How To Follow Special Education Laws

The main law that regulates special education is the Individuals with Disabilities Education Act (IDEA). This law has been amended several times, most recently in 1997. Although the Section 504 of The Rehabilitation Act of 1973 and Americans With Disabilities Act of 1990 (ADA) are often referred to in regards to special education; however, these laws do more to prohibit discrimination against people with disabilities than deal with special education itself.
 
Here is an overview over what IDEA states: 

  1. Children and youth (aged 3-21) are determined eligible for special education services through an individualized evaluation and a multidisciplinary team (m-team) which will include the parent.
    • The categories for eligibility are: autism, deaf-blindness, deafness, emotional disturbance, hearing impairment, mental retardation, multiple disabilities, orthopedic impairment, other health impairment, specific learning disability, speech or language impairment, traumatic brain injury, and visual impairment including blindness.
    • Children aged 3-9 with developmental delays may be eligible.
  2. The school must provide a free, appropriate public education (FAPE).
    • The education will be at no cost to the parents and meet the unique needs of the child's disability, meet other state educational standards, and are consistent with an individualized educational program (IEP).
  3. A team, which includes professionals and the parents, will develop and review an IEP each year.
    • An IEP should include measurable goals that will meet areas of need as determined by an evaluation.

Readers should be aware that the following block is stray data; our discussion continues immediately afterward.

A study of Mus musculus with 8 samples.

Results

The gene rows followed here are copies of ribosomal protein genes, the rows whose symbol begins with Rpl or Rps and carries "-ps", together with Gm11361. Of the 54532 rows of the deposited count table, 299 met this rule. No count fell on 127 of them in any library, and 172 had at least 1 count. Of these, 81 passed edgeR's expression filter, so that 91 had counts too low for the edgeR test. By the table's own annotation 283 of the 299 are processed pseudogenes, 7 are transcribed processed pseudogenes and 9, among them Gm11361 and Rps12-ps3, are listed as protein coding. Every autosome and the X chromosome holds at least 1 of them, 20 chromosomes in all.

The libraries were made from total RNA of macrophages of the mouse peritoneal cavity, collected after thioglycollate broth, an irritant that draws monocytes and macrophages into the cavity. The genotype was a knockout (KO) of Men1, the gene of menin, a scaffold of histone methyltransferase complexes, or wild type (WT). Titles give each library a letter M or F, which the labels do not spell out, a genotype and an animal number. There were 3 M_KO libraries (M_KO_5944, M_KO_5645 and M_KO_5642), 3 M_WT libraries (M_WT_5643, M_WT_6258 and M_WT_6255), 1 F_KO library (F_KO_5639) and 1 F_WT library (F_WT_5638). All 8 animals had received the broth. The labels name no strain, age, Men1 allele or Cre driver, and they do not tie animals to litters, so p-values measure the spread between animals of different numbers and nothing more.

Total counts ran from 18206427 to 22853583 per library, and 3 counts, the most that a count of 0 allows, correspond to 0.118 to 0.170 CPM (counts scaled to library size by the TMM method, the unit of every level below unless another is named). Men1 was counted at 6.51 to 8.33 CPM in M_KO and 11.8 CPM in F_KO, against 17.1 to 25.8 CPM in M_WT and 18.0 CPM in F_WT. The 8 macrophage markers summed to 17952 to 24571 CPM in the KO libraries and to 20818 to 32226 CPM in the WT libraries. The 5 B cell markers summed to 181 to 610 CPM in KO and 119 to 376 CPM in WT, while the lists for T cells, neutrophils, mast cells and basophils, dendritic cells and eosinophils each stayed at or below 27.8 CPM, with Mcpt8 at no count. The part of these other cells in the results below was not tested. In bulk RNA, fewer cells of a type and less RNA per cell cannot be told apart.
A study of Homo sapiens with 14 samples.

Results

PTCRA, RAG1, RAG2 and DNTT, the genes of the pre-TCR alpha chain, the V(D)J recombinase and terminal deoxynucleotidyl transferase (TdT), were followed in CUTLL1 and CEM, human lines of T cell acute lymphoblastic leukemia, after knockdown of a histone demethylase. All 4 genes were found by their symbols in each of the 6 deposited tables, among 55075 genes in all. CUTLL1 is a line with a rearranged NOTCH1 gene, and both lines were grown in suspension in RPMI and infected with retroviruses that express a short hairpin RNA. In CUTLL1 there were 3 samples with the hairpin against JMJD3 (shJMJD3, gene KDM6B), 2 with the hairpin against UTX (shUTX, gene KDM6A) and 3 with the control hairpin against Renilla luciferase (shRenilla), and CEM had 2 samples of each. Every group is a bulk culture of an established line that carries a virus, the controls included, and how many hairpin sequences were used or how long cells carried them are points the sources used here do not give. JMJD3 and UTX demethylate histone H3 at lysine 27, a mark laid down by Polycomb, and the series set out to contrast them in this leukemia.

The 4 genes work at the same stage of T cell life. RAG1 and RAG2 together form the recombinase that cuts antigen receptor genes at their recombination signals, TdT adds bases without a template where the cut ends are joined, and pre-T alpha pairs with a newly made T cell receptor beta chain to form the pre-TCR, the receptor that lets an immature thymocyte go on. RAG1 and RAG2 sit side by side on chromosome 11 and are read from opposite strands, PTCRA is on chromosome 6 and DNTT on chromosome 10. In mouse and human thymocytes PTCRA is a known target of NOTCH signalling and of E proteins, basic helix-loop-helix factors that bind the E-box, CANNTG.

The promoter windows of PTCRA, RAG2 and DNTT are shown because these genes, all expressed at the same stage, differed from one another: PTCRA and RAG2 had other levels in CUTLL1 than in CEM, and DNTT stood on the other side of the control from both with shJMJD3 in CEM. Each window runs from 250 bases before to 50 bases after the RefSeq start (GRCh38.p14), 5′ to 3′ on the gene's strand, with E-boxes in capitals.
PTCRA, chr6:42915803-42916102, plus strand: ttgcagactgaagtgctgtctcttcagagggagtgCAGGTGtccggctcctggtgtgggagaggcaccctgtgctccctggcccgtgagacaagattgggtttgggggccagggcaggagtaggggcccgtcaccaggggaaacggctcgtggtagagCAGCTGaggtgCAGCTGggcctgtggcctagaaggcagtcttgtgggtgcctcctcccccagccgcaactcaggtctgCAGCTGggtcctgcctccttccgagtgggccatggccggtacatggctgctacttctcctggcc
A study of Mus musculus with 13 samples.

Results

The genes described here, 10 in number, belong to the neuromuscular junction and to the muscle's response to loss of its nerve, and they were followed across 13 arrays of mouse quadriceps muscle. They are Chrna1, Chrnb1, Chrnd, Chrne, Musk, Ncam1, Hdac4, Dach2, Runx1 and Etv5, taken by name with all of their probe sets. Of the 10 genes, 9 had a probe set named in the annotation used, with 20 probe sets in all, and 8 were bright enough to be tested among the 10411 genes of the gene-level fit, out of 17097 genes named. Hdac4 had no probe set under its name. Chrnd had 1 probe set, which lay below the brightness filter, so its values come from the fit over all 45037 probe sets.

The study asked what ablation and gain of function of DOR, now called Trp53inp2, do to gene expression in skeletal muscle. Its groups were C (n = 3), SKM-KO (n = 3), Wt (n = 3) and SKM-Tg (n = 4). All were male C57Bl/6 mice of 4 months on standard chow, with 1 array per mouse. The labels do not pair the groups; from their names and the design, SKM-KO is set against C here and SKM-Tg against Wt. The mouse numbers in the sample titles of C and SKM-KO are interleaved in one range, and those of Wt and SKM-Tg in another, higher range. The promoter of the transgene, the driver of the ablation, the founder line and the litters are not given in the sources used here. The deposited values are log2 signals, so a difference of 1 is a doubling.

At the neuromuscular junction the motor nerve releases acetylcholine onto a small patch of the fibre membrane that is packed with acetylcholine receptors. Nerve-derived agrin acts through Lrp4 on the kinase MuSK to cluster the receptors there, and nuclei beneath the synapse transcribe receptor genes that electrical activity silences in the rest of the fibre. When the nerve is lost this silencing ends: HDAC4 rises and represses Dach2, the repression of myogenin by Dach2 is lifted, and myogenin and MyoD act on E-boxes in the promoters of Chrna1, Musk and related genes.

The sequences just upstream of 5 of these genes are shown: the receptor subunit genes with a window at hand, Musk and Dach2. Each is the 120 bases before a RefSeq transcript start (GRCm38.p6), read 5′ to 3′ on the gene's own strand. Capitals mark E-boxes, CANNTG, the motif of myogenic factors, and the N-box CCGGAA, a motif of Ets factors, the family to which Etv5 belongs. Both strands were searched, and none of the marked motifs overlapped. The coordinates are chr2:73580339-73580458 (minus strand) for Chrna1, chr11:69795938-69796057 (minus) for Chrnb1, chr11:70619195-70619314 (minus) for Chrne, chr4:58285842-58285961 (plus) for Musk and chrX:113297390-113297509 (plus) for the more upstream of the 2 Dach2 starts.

•  The IEP should also include performance goals that are consistent with the state's goals and standards.
  4. The child has the right to be placed in the least restrictive environment when appropriate as determined during the IEP team meeting.
    • The least restrictive environment begins with the regular classroom with the students peers. The more hours of special education services the student receives, the more restrictive the environment.
  5. Prior written notice must be given to the parents at least ten days before any changes, evaluations or placements are made. Parents may waive this if they choose.
  6. An individualized evaluation will be conducted using appropriate (technically sound and unbiased) assessments and with parental consent. Reevaluations must be conducted at least every three years.
  7. Parents have the right to contest any placement or evaluations. Local education agencies must provide impartial hearings for parents who disagree with the identification, evaluation, or placement of a child. Disputes can be resolved through mediation, impartial due process hearings, appeal of hearing decisions, and/or civil action.